Forage research indicates that, although alfalfa is considered to have good cold temperature tolerance, minor frost damage may occur when plants are exposed to air temperatures slightly below freezing for several hours, and more severe damage will be seen when temperatures drop below 25°F for four or more hours.
South Dakota farmers can monitor South Dakota basis for corn, soybeans, spring wheat and hard red winter wheat in their region relative to export bids and historical basis ranges using the SDSU Extension Grain Basis Tool.
Low temperatures during the early morning hours of May 9–11, 2020 may have had detrimental effects on winter wheat in some areas of South Dakota. However, cooler spring temperatures that have slowed the winter wheat development this year may have actually been beneficial to S.D. producers, as later-maturing wheat is not as susceptible to injury from freezing temperatures.
Tan spot and powdery mildew as well as barley yellow dwarf were found developing at low levels in winter wheat fields scouted the week of May 24, 2020.
Activity of alfalfa weevils has been documented in many areas of South Dakota during the last week. At this time, the entire state has accumulated enough degree days for alfalfa weevils to be active.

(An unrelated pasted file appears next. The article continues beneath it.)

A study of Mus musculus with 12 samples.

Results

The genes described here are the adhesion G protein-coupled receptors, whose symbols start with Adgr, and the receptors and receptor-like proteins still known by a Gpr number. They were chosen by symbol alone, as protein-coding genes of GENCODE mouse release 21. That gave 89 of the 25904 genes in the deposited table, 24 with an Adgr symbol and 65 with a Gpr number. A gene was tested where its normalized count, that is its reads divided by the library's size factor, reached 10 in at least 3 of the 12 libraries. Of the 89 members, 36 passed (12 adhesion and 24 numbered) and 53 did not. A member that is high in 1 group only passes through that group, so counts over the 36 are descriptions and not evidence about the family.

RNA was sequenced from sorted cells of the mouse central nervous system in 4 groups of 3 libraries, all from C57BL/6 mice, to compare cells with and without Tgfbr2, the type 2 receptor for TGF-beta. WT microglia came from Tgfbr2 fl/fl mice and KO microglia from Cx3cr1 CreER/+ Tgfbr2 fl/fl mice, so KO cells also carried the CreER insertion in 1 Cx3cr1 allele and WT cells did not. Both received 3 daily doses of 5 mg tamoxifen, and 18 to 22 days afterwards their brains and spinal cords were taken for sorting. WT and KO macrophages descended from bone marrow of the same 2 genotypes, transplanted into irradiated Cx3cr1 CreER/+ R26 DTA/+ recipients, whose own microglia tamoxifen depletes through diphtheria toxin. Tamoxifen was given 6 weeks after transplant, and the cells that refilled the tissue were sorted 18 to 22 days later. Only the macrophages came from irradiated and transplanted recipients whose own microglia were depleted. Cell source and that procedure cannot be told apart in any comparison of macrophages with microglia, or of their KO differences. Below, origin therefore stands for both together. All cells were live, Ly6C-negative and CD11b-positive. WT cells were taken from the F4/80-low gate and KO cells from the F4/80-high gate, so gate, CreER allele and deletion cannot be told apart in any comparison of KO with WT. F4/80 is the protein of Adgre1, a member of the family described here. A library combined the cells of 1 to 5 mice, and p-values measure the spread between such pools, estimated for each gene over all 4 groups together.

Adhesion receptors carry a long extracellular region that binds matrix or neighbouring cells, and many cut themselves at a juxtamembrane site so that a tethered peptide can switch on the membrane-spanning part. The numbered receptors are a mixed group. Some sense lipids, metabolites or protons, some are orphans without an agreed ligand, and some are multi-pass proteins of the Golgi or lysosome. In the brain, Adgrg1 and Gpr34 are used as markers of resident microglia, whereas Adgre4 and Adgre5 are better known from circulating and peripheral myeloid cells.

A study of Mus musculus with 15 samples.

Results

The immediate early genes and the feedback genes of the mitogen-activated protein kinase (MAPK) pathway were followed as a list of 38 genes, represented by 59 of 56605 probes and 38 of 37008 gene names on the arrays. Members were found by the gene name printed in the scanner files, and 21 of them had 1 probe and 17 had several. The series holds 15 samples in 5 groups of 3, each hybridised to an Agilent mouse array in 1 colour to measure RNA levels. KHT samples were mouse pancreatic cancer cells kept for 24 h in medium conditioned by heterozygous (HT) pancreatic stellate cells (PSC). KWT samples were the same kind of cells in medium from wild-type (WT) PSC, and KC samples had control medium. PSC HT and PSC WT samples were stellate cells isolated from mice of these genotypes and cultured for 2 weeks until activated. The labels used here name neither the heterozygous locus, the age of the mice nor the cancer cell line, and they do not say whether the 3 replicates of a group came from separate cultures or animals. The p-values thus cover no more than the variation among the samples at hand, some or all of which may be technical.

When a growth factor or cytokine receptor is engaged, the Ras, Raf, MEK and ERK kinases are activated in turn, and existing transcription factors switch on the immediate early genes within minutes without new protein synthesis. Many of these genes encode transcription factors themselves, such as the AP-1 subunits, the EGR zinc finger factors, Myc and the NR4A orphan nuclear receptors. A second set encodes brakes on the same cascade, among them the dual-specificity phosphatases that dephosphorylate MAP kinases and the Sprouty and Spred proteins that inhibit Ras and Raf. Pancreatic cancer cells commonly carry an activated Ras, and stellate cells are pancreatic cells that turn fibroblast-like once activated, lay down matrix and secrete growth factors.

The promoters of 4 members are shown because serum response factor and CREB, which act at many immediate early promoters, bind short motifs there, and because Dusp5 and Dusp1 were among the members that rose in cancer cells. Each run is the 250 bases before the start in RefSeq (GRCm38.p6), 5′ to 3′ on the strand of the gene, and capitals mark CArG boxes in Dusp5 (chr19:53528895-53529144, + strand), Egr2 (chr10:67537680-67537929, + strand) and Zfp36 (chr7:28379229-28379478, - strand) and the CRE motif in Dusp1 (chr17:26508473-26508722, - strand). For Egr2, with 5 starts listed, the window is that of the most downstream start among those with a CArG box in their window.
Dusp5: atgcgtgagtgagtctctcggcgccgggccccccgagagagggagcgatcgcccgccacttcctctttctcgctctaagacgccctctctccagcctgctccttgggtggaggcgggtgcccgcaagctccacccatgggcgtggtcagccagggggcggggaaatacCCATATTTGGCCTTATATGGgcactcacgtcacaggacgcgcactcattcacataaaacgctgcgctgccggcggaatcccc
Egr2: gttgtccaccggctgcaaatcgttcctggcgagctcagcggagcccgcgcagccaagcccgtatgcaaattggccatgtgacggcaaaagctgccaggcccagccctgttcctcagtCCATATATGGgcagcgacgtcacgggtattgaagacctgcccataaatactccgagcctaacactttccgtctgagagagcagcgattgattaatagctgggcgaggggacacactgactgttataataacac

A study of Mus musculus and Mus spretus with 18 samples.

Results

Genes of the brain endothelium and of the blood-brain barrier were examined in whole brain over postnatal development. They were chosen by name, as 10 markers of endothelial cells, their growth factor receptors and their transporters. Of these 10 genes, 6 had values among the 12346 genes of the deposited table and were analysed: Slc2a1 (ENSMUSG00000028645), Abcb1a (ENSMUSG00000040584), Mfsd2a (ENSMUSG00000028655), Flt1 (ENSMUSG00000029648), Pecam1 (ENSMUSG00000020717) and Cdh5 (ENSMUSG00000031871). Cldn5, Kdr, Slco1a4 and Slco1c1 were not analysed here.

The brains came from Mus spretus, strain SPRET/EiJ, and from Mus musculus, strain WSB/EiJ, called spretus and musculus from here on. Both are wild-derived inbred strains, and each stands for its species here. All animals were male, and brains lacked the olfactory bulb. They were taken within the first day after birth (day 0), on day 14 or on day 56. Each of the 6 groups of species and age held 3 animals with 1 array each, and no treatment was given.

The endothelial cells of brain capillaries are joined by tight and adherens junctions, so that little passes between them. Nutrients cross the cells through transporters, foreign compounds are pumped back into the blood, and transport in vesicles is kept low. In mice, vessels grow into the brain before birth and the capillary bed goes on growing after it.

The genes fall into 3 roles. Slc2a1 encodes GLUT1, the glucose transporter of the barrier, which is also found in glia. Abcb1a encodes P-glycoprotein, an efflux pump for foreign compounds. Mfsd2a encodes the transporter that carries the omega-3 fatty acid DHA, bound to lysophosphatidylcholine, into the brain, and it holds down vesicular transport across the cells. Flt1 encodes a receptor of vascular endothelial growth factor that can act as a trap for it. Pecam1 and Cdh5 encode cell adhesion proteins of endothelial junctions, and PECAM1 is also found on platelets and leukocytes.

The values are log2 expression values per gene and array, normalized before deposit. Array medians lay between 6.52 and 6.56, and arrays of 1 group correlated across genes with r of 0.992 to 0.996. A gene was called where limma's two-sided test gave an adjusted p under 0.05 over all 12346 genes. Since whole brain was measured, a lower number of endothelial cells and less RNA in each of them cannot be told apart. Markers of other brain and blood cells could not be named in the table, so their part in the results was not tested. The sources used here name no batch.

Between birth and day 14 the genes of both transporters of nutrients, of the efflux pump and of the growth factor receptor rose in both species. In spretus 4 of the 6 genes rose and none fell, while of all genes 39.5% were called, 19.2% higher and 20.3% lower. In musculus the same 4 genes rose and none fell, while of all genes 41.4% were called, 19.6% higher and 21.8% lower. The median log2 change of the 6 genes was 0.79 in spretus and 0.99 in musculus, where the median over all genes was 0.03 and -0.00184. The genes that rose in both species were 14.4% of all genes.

The 2018 and 2019 alfalfa weevil populations were relatively low, and as a result, we didn’t receive very many calls regarding this pest during those years. However, 2020 has been quite a bit different, and alfalfa weevil populations seem to be much higher.
Winter wheat is starting to flower. It is important to monitor weather conditions from when wheat is heading until flowering to decide the need for fungicide application to manage Fusarium head blight.
As haying season approaches, producers across South Dakota will begin preparing to get out the baler. In recent years, it has been quite difficult for many producers to put up quality, dry hay. This often results in growers considering using inoculants and hay preservatives.
As farms and ranches across South Dakota continue to endure increasing costs of production while receiving less cash for grain and livestock marketed; ranch managers must be extra diligent when implementing new range improvements and grazing systems on their ranches.
Of all of the potential early season pests, the seedcorn maggot is rarely an issue in South Dakota. However, we have started receiving reports of soybean fields that have poor emergence or seedling stand reductions occurring.